Neural networks are simple models of the way the nervous system operates. The basic units are neurons, which are typically organized into layers, as shown in the following figure.
A neural network, sometimes called a multilayer perceptron, is basically a simplified model of the way the human brain processes information. It works by simulating a large number of interconnected simple processing units that resemble abstract versions of neurons.
The processing units are arranged in layers. There are typically three parts in a neural network: an input layer, with units representing the input fields; one or more hidden layers; and an output layer, with a unit or units representing the output field(s). The units are connected with varying connection strengths, or weights. Input data is presented to the first layer, and values are propagated from each neuron to every neuron in the next layer. Eventually, a result is delivered from the output layer.
The network learns by examining individual records, generating a prediction for each record, and making adjustments to the weights whenever it makes an incorrect prediction. This process is repeated many times, and the network continues to improve its predictions until one or more of the stopping criteria have been met.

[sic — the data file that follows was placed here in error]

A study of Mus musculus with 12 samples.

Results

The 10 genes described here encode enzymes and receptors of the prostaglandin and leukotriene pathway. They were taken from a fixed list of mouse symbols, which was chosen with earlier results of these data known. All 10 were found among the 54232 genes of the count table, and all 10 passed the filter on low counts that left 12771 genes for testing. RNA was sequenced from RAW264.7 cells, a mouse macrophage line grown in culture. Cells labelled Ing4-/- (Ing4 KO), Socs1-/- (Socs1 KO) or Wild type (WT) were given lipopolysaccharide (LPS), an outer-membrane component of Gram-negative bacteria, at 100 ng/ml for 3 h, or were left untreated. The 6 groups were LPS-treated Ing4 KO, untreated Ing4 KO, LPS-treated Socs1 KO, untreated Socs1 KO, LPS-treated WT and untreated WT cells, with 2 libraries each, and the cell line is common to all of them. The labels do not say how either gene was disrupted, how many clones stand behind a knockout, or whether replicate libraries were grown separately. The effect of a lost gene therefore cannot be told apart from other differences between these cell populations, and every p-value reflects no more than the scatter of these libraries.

Initially, all weights are random, and the answers that come out of the net are probably nonsensical. The network learns through training. Examples for which the output is known are repeatedly presented to the network, and the answers it gives are compared to the known outcomes. Information from this comparison is passed back through the network, gradually changing the weights. As training progresses, the network becomes increasingly accurate in replicating the known outcomes. Once trained, the network can be applied to future cases where the outcome is unknown.